Even though BMW is currently one of the world’s most profitable brands, that was not always the case. In 1959, BMW faced financial difficulties, and stockholders convened to decide whether to keep the company running or to go into liquidation. BMW was in such bad shape that rival Mercedes-Benz was considering buying out BMW just to wipe its competitor out. The stockholders agreed to keep carrying on. The success of economy cars in Europe convinced BMW to focus on small cars. BMW was formerly an aircraft engine manufacturer, and it used its engine expertise in developing the cars. The result of this was the BMW Isetta, which helped BMW get back on its feet. BMW wanted to move upmarket as to challenge Mercedes-Benz with the BMW 3 series. The third generation 3 series (E36) builds on the traits of the previous two 3’s with more power and comfort.
You can tell this E36 generation’s design is classically BMW. In contrast to the latest BMW’s edgy designs, this comes across as staid and conservative. Throughout the generations of 3 series, they always had an unmistakeable “3 face”, and this is no exception. You can tell it is a 3 due to the kidney grille and the double headlights. The fascia is purposeful and simple. With the top up or down, the 3 looks good, and the rear shares the front’s simplistic design. If I had to be nitpicky, there are two flaws with design: the bumpers’ gray bottoms and the strip of rubber that runs all around the car. But these are minor drawbacks in what is one of the best looking 3’s of all time. The tan interior complements the exterior’s Diamond Black Metallic color well.
The latest 3 series has been criticized for not having the engaging driving experience that the older 3s had. This is one of the 3 series the critics are talking about. Needless to say, this car brings new meaning to BMW’s slogan: The Ultimate Driving Machine. The well weighted steering conveys good feedback, and it is precise and accurate. It clings to corners well with restrained body grip, and you can really feel the steering and the suspension working in harmony. There is no palpable explanation as to why, but I can just feel it. There is virtually no understeer at all, and the front end feels very light, but remains composed over mid corner bumps. When it gets out of line, all that is needed is a steering flick to bring it back in line. The ride quality is firm as pronounced bumps permeate through the cabin. When a car gets turned into a convertible, some structural rigidity is lost. This is evident over bad roads, where this 3 quivers and rattles noticeably.
Nowadays, the latest BMW (and Mercedes-Benz too) models have an alphanumeric nomenclature that doesn’t refer to the engine size at all. For example, the latest 328i does not have a 2.8 liter. It has a 2.0 liter. I find it so refreshing that the this 325i actually denotes a 2.5 liter inline six cylinder engine. With 189 horsepower, the 325i feels sufficiently quick. Although not outright fast, the 325i has more than enough power for most situations. Although it is strong at any part in its powerband, this inline six cylinder engine feels peppiest at low revs and high revs. A four speed automatic is optional while a five speed manual comes standard. The five speed manual transmission feels a bit notchy at first, but as you get used to it, it becomes easy to shift. In a manual car, I prefer the clutch to have feel, and this clutch has excellent feel. It is slightly heavy. However, it has a hard to notice biting point, so you have to be delicate when modulating the clutch. Fuel economy at 17 city/20 combined/26 highway is decent, considering older BMWs had a reputation for lack of fuel efficiency.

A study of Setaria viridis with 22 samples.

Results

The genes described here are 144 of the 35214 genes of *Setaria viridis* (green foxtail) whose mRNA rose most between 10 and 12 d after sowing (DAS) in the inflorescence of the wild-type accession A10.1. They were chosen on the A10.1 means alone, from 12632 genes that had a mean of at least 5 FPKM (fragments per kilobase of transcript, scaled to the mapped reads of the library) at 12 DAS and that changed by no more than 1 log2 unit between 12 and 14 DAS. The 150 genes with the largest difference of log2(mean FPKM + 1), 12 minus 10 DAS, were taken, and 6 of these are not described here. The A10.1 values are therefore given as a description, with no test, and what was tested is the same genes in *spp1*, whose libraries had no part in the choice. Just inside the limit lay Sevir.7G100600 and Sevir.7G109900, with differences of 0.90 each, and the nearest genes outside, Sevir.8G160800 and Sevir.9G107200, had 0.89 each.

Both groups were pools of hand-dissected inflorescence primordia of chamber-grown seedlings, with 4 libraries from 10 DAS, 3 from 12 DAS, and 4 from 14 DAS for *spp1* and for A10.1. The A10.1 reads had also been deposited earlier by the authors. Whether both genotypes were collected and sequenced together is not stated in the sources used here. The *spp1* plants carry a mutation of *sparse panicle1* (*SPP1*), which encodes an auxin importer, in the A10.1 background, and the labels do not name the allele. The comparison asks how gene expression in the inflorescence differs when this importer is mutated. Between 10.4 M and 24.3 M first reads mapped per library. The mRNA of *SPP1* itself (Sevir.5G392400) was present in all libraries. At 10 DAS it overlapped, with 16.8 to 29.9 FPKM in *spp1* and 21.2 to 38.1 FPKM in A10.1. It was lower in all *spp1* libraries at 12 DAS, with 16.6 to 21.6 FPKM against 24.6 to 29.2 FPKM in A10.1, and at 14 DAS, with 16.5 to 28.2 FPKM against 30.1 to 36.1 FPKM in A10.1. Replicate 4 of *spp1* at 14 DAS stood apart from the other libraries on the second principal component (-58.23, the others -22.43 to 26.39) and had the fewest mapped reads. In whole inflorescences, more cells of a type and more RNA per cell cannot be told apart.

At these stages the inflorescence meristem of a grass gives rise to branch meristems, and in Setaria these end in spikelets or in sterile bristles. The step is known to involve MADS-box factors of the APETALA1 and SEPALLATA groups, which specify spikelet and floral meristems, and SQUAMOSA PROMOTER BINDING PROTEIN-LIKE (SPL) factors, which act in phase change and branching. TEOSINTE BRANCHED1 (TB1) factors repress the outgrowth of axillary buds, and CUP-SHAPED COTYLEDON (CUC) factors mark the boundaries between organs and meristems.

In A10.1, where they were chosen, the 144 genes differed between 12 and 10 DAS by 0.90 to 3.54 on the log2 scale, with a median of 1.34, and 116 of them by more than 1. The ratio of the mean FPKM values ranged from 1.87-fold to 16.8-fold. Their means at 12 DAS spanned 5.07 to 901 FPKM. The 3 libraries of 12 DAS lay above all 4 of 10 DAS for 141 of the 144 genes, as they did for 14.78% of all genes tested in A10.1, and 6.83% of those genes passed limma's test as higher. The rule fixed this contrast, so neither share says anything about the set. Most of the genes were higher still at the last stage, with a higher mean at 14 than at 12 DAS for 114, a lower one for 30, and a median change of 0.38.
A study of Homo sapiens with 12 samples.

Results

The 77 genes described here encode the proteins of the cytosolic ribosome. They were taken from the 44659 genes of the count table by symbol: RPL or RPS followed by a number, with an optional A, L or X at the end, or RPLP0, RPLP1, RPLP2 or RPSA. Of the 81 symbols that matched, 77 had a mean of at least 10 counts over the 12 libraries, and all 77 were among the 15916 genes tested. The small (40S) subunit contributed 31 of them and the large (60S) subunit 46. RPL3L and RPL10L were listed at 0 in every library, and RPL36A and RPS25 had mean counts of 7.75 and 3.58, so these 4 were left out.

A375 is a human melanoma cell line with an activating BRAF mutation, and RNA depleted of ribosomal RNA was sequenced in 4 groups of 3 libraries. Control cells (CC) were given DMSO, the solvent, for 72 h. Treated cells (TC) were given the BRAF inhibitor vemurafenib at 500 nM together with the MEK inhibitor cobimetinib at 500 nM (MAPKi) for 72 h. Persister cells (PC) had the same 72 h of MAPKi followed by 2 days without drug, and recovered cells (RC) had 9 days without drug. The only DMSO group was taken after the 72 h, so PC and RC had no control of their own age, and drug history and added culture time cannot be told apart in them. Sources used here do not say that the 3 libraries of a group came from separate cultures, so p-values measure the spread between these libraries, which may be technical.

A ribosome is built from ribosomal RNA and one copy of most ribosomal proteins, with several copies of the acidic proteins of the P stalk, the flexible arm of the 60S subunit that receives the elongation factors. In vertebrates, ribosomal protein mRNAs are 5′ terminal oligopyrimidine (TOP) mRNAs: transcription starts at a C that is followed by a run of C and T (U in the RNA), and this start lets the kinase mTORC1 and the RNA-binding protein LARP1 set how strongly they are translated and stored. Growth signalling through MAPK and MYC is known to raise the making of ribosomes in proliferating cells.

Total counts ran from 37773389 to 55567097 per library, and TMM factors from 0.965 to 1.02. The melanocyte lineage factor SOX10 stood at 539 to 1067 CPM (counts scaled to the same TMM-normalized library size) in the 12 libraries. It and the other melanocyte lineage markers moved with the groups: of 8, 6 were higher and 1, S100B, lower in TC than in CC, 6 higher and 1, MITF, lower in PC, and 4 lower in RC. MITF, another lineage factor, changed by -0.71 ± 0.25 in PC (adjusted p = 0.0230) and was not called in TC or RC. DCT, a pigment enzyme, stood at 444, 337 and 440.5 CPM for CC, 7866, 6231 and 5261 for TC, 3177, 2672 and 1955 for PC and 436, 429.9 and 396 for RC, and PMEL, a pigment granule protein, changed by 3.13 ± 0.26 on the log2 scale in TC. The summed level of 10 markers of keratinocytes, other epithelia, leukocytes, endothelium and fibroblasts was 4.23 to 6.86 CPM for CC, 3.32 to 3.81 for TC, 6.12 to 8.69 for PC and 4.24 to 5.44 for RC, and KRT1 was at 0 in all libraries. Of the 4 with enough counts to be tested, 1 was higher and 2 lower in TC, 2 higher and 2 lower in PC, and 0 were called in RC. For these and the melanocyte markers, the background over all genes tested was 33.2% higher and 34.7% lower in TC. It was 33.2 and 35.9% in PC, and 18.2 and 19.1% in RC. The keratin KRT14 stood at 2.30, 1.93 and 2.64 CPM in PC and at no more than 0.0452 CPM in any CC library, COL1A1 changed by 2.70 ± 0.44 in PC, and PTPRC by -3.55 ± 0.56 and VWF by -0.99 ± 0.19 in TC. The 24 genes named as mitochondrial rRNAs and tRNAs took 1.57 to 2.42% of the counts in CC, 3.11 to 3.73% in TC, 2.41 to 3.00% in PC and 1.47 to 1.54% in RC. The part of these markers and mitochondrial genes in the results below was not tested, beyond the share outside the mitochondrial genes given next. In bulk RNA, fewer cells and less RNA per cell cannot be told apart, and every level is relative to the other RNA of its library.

As far as refinement goes, it is reasonable quiet inside. However, road noise is an issue as it thuds over poor surfaces. The engine stays refined until pressed. When pressed, the six cylinder emits a cultured growl.
Despite some scratchy surfaces, the cabin features flawless fit and finish, especially for a 20 year old car. The radio controls take some time getting used to, and I couldn’t find the button to turn the radio off. The gauges are easy to read. Finding a good driving position can be a hassle. The steering does not telescope or tilt, so if you push your seat back, you’re too far from the wheel, but if you pull it up, the steering is too high up. The center console robs a lot of knee room. My right leg kept brushing the center console while I was driving. The seats’ excellent support and cushion mean that that they would never get tiring, not even on long trips. Except for the confining center console, the cabin feels reasonably airy with the top up, and there is decent legroom and headroom in the front. However, the rear is cramped. The trunk is a moderate size, and cabin storage is adequate.
Even though BMW’s slogan, “Ultimate Driving Machine” may not be present in the latest comfort oriented BMWs, it sure does in this 3. This car resembles everything that a BMW is. Right now, BMW is trying to be more like Mercedes-Benz, and they are eschewing all the virtues that made them so appealing in the first place. For example, M models used to be about pure driving enjoyment, not technology and prestige, and BMW is trying to fill every niche with the X2, X4, X6, Gran Turismos, and Gran Coupes, instead of focusing on their core models. As a BMW purist, I can say that the older 3 series are better than the new ones. Cars like this 3 that makes me yearn for the older German cars that just felt…well German to drive. BMW still makes excellent cars, and some of their cars are appealing, but I just don’t like the direction they are headed. The latest BMWs don’t make me smile like this one does.